The internet is a copy machine .... Unlike the mass-produced reproductions of the machine age, these copies are not just cheap, they are free.Education can't be copied, because education is a service, not a product. The sooner we get it into our heads we are selling a service not a product, and that we're never going to sell someone two kilos of science (or law, or geography ...), the sooner we'll start to understand this education business.
How does one make money selling free copies?
When copies are super abundant, they become worthless.
When copies are super abundant, stuff which can't be copied becomes scarce and valuable.
And that's why Laura Dewis' defence of OpenLearn is flawed.
While OpenLearn units must be structured learning experiences in their own right, including learning outcomes, we recognised from the beginning they couldn’t compare to the supported open learning experience our registered students enjoy. But again, they weren’t meant to be.At present, OpenLearn isn't worth over five million quid (particularly not since the recycled materials it's based on have already been paid for). Will it ever be?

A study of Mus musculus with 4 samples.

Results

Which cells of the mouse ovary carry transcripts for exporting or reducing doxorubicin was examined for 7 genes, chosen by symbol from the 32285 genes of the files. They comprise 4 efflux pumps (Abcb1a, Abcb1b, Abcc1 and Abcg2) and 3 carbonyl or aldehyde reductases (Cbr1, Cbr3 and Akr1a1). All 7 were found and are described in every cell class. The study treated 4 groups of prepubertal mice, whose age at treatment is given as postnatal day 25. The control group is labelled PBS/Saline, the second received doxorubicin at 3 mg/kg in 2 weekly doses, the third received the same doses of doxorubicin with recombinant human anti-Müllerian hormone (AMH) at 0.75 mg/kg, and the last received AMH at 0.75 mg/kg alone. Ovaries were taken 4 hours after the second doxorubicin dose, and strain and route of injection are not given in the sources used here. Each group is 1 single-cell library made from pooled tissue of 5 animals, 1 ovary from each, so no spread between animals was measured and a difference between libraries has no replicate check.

Update: It's worth adding to this the report that Seb Schmoller points at, Analyses of European Megaproviders of E-learning, which gives seven main reason why mega-initiatives fail:
- Realize that hard-nosed market research is essential for the success of any e-learning initiative;
- Plan carefully for and control carefully the revenue and expenses. Seeding funding dries up quickly;
- Choice of courses and their accreditation is crucial;
- Define precisely the relationships of your initiative to existing providers and define precisely the institutional model you will adopt;
- Plan carefully to manage both educational and business activities;
- Avoid top-down political and boardroom initiatives;
- Avoid consortia of institutions that compete with each other and the consortium.